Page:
Tuesday, July 29, 2014

Recycle Envelopes

When I was in the 5th, 6th, 7th, and 8th grades I had Mrs. Blasienz for a teacher.  She would not let us throw away paper.  From her I learned to be economical in my use of school supplies.  I save or reuse almost everything.

We all get trash mail, and we want to immediately throw it in the waste basket.  Those companies that want you to get a new credit card or try their service or product often send you a clean envelope so you can respond in it.

If the envelope is reusable, I put a small label on the printed address and reuse it myself.  If not, I don't throw it away.  I glue it shut and then after it dries I cut it into four pieces.  The inside of the envelope is clean.  I cut the envelope into four pieces.  Voila, I now have four note sheets.  I can use them to write my grocery lists on them or use them as reminders. 

Whatever.  Those small pieces of paper are useful; they are just for me and don't have to be beautiful with little colored flowers on the corners.

And just think...if you do this enough times, you might be helping to save a tree.

Tuesday, February 4, 2014


Several years ago we purchased a paper shredder.  We wanted to get rid of private papers without throwing them in the garbage where dumpster diving might occur.

After we shredded the paper...what to do with it?  At about the same time a friend of mine told me about putting shredded paper in flower beds.  She said you can put the pieces of paper where you don't want weeds to grow and then you can cover up the shredded paper with soil.

We did that.  We have a rose garden with paper under the soil.  Same for our oval garden.  By now it has decayed along with the saw dust.  I have dug in the rose garden to take out the invasive clover, and all I can find is crumbly soil.  After all paper is organic so that it should enrich the soil, and that will make our plants thrive.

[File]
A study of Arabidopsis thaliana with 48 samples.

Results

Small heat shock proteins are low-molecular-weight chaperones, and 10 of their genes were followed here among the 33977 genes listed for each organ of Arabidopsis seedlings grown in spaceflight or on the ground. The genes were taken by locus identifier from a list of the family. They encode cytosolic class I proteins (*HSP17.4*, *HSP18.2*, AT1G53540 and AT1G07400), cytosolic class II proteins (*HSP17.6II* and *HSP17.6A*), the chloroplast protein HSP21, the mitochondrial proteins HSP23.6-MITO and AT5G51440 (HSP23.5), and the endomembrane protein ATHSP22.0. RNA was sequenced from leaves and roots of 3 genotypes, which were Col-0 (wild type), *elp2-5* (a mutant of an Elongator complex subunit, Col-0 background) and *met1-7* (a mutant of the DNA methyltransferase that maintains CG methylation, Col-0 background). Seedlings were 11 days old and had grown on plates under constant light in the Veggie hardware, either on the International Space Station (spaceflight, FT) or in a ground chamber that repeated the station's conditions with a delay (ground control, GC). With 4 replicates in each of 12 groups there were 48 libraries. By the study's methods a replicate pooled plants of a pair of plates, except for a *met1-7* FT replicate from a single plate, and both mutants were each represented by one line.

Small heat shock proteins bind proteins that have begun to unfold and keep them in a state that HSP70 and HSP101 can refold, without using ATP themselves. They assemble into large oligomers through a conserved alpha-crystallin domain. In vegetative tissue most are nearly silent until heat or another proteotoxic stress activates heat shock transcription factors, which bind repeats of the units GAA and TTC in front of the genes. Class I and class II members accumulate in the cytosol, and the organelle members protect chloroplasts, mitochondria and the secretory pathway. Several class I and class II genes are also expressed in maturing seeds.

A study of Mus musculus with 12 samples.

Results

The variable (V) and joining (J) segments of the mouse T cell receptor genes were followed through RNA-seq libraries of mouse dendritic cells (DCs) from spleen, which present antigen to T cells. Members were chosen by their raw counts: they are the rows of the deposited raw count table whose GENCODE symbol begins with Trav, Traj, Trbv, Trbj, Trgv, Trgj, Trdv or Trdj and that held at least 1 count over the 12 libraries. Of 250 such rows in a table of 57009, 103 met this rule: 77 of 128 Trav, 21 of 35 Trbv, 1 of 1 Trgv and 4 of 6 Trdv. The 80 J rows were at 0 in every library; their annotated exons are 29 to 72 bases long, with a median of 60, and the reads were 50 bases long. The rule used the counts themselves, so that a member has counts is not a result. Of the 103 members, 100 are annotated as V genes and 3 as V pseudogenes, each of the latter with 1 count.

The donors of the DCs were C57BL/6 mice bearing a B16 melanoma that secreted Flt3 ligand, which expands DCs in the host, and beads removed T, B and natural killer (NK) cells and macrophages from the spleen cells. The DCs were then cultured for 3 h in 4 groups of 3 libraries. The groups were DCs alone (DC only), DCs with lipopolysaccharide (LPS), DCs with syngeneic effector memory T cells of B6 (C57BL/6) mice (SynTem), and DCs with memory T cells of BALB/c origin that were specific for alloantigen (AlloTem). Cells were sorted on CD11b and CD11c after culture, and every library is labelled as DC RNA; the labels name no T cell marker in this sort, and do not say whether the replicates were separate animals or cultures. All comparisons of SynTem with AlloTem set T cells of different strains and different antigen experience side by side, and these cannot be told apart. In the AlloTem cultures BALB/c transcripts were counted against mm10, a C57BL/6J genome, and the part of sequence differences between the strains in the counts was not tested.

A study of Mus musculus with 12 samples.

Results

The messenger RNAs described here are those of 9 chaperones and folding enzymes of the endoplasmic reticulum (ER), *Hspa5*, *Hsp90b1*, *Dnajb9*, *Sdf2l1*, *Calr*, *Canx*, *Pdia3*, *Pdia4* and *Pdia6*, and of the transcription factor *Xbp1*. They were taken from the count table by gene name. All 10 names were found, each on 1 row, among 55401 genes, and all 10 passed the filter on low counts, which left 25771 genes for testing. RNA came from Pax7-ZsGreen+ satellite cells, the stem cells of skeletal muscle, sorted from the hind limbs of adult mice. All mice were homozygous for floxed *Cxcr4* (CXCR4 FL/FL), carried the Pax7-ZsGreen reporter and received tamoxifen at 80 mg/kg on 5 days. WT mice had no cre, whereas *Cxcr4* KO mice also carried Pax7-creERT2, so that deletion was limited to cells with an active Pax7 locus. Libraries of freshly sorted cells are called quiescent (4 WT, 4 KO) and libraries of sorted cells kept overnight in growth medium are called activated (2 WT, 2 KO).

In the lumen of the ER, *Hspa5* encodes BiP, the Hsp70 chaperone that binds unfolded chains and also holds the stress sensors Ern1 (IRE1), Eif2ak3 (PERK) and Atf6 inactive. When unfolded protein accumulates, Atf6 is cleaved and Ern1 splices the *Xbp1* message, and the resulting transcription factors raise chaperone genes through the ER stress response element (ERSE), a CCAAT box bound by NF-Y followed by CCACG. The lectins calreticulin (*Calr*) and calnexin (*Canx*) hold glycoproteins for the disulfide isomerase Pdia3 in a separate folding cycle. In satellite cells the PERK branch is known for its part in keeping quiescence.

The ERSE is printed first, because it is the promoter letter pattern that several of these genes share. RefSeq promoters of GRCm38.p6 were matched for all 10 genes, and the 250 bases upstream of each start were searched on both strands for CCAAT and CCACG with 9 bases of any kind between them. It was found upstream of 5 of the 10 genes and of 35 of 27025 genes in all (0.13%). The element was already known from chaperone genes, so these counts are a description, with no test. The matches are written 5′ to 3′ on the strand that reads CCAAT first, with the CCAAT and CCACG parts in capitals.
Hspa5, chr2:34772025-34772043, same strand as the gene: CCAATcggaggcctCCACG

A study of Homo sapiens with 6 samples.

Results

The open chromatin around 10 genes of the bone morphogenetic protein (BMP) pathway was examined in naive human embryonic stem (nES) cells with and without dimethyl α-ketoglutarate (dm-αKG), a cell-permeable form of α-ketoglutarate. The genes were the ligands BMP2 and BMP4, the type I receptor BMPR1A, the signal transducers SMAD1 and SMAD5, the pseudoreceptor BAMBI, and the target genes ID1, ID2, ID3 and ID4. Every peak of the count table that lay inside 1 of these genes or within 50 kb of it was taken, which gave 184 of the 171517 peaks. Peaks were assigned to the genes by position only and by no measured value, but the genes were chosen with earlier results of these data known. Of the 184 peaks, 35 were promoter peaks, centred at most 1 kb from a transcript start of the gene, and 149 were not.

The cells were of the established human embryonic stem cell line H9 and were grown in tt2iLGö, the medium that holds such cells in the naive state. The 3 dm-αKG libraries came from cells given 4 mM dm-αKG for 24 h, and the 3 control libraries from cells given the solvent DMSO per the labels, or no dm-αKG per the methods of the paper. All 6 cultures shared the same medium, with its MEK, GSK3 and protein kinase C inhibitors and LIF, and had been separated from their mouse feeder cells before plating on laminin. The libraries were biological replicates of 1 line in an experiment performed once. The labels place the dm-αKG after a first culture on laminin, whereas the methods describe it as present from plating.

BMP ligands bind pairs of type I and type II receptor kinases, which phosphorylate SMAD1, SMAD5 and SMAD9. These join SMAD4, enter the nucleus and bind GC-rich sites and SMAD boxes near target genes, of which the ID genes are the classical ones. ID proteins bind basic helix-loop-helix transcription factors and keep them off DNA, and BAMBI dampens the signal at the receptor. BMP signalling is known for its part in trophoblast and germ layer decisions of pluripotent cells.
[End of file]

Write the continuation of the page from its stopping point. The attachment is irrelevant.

Wednesday, January 22, 2014


I read an inspirational book by Herb Cohen, You Can Negotiate Anything.
In the book Cohen says that we negotiate daily: babies cry to get what they want; some women nag to get what they desire, etc.

He spoke of negotiations between countries, also.  I found the book to be fascinating, informative, and certainly of use to anyone and everyone.

Therefore, we-I-you-  can do the same thing.  We may use more sophisticated means, but we can get what we want.  After I finished the book I decided to try my skills.  I went to a store, not a high end department store, but a good store nonetheless.  This was in March-and I saw two winter jackets, which would fit my boys.  I told the clerk to allow me to speak to her supervisor.

I said something like this to the supervisor: "Winter is over and you are not likely to sell these coats for the $15 you are asking.  (This was 30 years ago.)  Why don't I buy them from you for $10 each?"

The supervisor said, "Great!"  And I walked off having saved $10, and my boys had new coats.  You can do the same thing.  First of all, read the book because it is important you understand several approaches and positions you must take, and, above all, you need to know the other person's position.

A very important component of Negotiating is realizing that each party must get something out of the negotiating.  Both parties must end up happy, not cheated.  If you cheat someone that person will never deal with you again, so what have you gained?